From solar charge controllers to dimmer switches, PWM is an ingenious way of adjusting power delivery
In simplest terms, PWM (pulse width modulation) is a method of repeatedly interrupting the power conveyed through a circuit, with the effect of reducing the ‘average’ power delivered. By using PWM, a system that can only supply a steady 5V, for example, can be made to do the same work as 2.5V or 4V if it is switched on for 50 milliseconds and off again for 50 milliseconds, in cycles of 0.01 second, or on for 80ms and off for 20ms, respectively.
PWM can also emulate the effect of an analogue signal, for example, when the 'on' pulses regularly increase and decrease in length, producing a wave-like effect.
One of the major advantages of PWM when used for regulation involves its high level of efficiency. Unlike potentiometers, which use resistance to bleed off some of the current as heat, the rapid switching of PWM means that close to 100% of the available power is used, just for reduced periods of time.
Here are five great applications for PWM control.
Solar charge control is one of the most popular applications of PWM. If the solar panels are supplying excess voltage during periods of intense sunlight, the controller only conveys intermittent bursts to the battery, protecting it from damage. As the battery reaches full charge, the controller tapers off the supply by introducing gradually longer breaks.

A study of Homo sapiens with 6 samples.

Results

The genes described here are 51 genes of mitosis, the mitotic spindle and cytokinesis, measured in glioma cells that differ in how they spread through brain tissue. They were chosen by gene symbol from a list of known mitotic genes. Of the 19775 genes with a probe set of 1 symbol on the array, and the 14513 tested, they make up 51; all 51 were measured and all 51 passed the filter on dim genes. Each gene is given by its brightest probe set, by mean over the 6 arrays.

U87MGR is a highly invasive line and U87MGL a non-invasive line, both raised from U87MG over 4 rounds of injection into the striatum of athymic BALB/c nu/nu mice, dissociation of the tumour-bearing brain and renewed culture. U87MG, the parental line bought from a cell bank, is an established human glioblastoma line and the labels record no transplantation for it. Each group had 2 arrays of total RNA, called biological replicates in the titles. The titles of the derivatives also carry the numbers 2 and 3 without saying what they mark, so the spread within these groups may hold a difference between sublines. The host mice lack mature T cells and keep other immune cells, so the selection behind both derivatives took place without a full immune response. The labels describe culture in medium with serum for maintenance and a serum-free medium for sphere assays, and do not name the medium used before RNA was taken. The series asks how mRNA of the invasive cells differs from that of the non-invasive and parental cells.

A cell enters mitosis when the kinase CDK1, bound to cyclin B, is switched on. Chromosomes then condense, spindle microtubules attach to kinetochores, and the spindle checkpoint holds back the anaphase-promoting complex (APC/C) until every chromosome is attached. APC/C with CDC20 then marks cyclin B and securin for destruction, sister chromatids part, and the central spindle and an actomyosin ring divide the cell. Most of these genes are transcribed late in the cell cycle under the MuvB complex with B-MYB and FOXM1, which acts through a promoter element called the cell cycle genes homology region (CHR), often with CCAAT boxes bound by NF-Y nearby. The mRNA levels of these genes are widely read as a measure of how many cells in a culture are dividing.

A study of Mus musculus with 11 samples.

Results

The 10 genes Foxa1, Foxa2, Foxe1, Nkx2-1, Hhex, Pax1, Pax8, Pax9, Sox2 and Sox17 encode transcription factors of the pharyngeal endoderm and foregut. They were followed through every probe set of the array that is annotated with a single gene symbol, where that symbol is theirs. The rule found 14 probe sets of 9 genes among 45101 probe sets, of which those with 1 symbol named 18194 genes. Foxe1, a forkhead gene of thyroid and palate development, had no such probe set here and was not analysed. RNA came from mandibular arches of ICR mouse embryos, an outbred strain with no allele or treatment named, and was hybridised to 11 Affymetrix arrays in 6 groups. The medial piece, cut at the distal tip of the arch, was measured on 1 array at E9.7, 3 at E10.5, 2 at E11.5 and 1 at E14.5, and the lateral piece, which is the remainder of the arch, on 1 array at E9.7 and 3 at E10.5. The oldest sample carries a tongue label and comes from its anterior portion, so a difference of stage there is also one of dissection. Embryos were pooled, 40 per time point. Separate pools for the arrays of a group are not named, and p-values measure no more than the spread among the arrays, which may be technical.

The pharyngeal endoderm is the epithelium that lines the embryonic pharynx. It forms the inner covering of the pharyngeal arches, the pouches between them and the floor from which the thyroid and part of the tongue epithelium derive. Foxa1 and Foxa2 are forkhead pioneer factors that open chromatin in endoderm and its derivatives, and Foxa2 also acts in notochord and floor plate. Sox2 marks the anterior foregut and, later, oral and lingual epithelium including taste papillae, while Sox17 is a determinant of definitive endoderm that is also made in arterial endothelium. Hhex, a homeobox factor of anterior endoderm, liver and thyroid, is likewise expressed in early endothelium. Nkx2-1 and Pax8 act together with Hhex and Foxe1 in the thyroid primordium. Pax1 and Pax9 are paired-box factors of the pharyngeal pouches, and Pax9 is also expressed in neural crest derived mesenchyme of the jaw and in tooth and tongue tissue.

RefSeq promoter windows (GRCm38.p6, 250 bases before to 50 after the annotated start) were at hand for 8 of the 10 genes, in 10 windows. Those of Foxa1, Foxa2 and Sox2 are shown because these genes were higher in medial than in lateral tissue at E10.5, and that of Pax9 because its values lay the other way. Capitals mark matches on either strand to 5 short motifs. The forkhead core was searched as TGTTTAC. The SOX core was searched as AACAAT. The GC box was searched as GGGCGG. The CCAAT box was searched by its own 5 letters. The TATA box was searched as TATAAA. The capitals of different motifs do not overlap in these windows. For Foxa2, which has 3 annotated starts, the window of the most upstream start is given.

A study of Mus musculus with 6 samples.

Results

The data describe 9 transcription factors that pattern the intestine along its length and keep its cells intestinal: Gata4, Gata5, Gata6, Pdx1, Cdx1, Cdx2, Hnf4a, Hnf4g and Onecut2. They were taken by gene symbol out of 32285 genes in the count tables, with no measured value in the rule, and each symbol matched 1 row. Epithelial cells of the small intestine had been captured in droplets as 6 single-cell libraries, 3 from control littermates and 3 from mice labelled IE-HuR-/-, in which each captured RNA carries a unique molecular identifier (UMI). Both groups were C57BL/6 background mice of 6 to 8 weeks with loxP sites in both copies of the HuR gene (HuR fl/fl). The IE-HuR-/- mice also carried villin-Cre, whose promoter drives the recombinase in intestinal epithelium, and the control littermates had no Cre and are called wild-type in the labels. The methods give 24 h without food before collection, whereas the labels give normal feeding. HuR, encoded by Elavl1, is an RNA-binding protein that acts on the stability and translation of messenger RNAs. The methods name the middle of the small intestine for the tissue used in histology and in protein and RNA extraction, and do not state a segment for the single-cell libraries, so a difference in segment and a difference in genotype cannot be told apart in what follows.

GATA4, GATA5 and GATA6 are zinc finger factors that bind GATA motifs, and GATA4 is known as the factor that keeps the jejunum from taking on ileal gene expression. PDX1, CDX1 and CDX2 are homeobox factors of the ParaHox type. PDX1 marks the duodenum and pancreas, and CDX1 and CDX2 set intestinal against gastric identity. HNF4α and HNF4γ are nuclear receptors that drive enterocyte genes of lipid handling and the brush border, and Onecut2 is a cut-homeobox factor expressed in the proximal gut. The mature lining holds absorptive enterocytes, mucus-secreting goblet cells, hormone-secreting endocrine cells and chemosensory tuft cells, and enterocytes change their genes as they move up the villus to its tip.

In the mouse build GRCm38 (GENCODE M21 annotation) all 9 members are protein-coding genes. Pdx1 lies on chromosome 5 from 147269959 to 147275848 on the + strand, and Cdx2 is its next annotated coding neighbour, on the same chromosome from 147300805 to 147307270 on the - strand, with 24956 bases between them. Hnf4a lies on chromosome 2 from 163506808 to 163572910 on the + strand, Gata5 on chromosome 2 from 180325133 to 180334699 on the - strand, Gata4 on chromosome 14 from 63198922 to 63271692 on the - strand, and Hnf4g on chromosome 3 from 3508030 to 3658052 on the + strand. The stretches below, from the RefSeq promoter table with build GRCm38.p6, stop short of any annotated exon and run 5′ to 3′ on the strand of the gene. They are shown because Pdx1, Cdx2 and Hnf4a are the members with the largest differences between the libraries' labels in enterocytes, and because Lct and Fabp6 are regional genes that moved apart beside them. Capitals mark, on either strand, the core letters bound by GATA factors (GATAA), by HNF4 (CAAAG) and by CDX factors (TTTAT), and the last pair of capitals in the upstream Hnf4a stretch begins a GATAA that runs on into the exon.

Light dimming is another common application, using on-off pulses at such a high frequency – up to several thousand times per second – that there is no visible flickering, only an overall reduction in brightness.
Motor speed can be effectively controlled with PWM, as the inertia of the motor smooths out the intermittent pulses of power.
Colour adjustment of RGB LEDs – ranging from light strips to individual components – can be achieved by PWM. By switching the duration of how long each component of an RGB system is illuminated, as well as its intensity, millions of different colours can be displayed.